Preface To Lyrical Ballads Summary

William Wordsworth

Preface To Lyrical Ballads



What, then, is poetry? Wordsworth sets out to define this particular form of art. In the Preface to Lyrical Ballads, Wordsworth outlines his definition of the nature and function of poetry—as well as identifying the qualities that make someone a true poet. For Wordsworth, poetry must reflect spontaneity and an “overflow of powerful feelings.” Passion is key, as are mood and temperament. Although poetry must emerge from spontaneity, it must not be written spontaneously. Rather, Wordsworth asserts that a poem should be the result of long and deep reflection. He also cautions against being too concerned with the poetic rules of Classicism.

Next, Wordsworth breaks down the poet’s process into four stages. The first is observation. A person, object, or situation must stimulate powerful emotions in the Romantic poet, and those observations must be noted. Recollection follows, which is the stage when the poet contemplates those observations. For this, tranquility is a must. Memories may surface that are days old or older, and the poet should contemplate those memories to explore how the emotions they provoke relate to past experiences. The third stage is filtering, when the poet clears the mind of all non-essential elements. The result of this is that the poet’s personal experience becomes relevant to a wider audience. It’s not until the fourth and final stage that the poet should begin to compose. The goal is to express emotions in a way that the reader will understand, and can therefore contemplate.

Wordsworth’s next topic is imagination. He begins by discussing how the neo-classicists defined imagination. They said that the mind was passive, and recorded sensations. Imagination, therefore, is a function of memory combined with the ability to associate those sensations with other things that may or may not exist. He provides the example of mythical creatures, which elicit, in literature, real sensations. For Romantics like Wordsworth, imagination is much more creative. Rather than assigning recorded sensations to other objects, the imagination has the power to create a new reality, and to see beyond the material world surrounding the poet. As for what to write about, Wordsworth states that poetry can capture any and every subject that is of interest to the mind. What matters is not whether a subject is poetic, but rather, whether the poet can add meaning to a subject and therefore make it poetic. Suddenly, themes from common life can be poetic and worthy of the contemplation Wordsworth requires of the poet. The reason this works, according to his argument, is that those who live a rustic lifestyle are closer to nature—and therefore farther away from vanity bred by artifice.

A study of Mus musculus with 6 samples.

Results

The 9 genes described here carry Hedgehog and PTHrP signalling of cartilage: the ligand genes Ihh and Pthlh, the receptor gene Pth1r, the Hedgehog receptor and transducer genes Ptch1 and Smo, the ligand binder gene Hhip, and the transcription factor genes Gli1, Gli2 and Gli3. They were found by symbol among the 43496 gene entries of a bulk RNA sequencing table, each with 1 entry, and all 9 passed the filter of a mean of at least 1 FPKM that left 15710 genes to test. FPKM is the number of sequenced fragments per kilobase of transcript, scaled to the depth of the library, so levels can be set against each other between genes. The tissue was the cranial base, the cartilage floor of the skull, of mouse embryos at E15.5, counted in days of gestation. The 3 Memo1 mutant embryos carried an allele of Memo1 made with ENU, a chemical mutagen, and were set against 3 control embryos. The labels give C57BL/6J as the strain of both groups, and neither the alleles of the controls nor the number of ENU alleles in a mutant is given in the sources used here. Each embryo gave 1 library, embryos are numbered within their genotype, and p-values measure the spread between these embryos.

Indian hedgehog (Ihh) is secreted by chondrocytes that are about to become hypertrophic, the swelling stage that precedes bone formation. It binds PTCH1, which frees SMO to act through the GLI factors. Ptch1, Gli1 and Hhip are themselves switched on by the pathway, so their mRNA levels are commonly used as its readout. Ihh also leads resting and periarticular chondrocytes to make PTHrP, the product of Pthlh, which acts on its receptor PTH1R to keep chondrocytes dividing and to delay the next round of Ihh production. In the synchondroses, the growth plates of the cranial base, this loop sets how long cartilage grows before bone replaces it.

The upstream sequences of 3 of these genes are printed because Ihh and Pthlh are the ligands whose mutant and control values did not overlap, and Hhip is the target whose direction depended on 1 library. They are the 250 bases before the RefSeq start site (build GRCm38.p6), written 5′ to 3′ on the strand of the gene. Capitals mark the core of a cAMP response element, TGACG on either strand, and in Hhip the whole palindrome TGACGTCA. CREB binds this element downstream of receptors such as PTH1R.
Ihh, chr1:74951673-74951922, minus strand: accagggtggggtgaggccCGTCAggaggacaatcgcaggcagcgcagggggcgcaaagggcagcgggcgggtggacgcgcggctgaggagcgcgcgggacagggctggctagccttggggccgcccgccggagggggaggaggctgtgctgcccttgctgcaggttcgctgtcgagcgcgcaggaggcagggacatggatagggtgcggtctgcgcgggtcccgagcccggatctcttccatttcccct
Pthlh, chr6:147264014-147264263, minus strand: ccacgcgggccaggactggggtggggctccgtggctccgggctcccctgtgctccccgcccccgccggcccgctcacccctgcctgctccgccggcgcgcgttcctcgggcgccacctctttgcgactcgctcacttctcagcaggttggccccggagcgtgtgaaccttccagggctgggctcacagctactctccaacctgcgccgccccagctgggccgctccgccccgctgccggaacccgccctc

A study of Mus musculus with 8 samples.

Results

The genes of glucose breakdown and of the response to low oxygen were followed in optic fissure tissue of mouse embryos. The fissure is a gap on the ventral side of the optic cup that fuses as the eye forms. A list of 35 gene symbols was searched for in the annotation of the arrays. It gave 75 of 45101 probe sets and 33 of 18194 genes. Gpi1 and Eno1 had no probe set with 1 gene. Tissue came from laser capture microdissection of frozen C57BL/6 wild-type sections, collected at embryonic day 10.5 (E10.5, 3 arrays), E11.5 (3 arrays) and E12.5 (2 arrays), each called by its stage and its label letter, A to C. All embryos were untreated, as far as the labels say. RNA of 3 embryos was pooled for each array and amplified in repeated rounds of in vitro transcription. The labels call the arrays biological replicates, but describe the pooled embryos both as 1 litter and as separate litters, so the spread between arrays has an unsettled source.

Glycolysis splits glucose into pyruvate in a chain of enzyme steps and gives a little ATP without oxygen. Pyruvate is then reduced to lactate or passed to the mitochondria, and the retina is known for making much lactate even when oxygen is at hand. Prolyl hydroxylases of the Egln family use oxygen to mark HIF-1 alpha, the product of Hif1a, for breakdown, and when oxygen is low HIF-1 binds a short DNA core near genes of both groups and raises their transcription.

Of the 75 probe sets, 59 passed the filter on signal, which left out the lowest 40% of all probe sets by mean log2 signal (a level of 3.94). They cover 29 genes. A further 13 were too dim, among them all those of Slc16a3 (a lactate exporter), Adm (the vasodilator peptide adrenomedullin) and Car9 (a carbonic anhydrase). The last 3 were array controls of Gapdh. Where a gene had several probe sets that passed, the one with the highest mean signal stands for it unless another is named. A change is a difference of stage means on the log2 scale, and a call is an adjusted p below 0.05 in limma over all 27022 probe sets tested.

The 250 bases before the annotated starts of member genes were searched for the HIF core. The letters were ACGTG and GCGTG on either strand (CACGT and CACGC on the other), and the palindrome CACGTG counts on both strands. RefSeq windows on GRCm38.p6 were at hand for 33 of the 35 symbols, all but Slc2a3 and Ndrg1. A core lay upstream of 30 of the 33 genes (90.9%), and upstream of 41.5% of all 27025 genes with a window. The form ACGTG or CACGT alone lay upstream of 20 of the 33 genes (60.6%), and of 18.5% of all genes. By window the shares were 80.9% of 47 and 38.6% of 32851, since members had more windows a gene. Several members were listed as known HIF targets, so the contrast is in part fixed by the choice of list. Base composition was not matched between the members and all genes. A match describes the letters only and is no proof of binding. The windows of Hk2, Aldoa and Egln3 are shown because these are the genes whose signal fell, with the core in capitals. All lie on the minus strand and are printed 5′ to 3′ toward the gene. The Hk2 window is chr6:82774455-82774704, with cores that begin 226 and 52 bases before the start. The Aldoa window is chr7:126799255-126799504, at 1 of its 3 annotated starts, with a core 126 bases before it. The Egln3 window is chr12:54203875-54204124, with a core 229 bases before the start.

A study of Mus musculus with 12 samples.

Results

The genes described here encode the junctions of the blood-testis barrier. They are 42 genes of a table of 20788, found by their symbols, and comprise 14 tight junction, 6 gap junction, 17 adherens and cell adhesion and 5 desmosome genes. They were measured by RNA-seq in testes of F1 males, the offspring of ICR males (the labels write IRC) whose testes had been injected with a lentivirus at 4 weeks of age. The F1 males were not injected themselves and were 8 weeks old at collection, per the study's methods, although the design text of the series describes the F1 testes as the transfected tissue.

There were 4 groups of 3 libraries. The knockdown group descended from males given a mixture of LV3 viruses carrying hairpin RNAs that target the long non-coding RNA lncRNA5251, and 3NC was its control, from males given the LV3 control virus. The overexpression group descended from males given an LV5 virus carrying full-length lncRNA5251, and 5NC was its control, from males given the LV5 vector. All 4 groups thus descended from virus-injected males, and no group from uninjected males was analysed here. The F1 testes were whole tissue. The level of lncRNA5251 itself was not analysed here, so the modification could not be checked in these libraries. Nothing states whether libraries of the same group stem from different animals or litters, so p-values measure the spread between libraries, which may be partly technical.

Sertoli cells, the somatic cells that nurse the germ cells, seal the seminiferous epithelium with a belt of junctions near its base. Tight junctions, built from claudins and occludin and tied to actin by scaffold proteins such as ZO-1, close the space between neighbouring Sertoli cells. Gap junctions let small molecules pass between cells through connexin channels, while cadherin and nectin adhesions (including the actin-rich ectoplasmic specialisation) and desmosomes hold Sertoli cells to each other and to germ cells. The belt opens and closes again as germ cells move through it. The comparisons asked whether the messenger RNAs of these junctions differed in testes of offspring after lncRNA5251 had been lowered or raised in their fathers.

Next, Wordsworth dives deeper into the function of poetry. Unlike the classicists, who value art for the sake of art—the idea that art should be produced regardless of any moral values or concerns–Wordsworth and the Romantics believe in art for the sake of life. That is, Wordsworth sees the function of poetry as ennobling the reader through the teaching of moral and philosophical values and ideals.

Finally, Wordsworth discusses in greater depth the diction of poetry. Diction is basically the use of language, but more specifically, it’s the choice of words, phrases, sentence structures, and even figurative language. While diction is important in all of literature, Wordsworth places particular importance on its role in  poetry because it is the poet’s medium. Whereas prose also has characters, setting, and plot to convey a message, the poet’s choice of language, or diction, is the sole means of expression in poetry. Despite this, Wordsworth argues that the diction of poetry and prose is the same, and criticizes the neo-classicists for their “artificial” and “unnatural” language. Passion should drive diction, not ornament, dignity or meter. He wants poetry to center on rustic, humble situations using rustic, humble language. According to Wordsworth, that is the real source of poetic truth and beauty.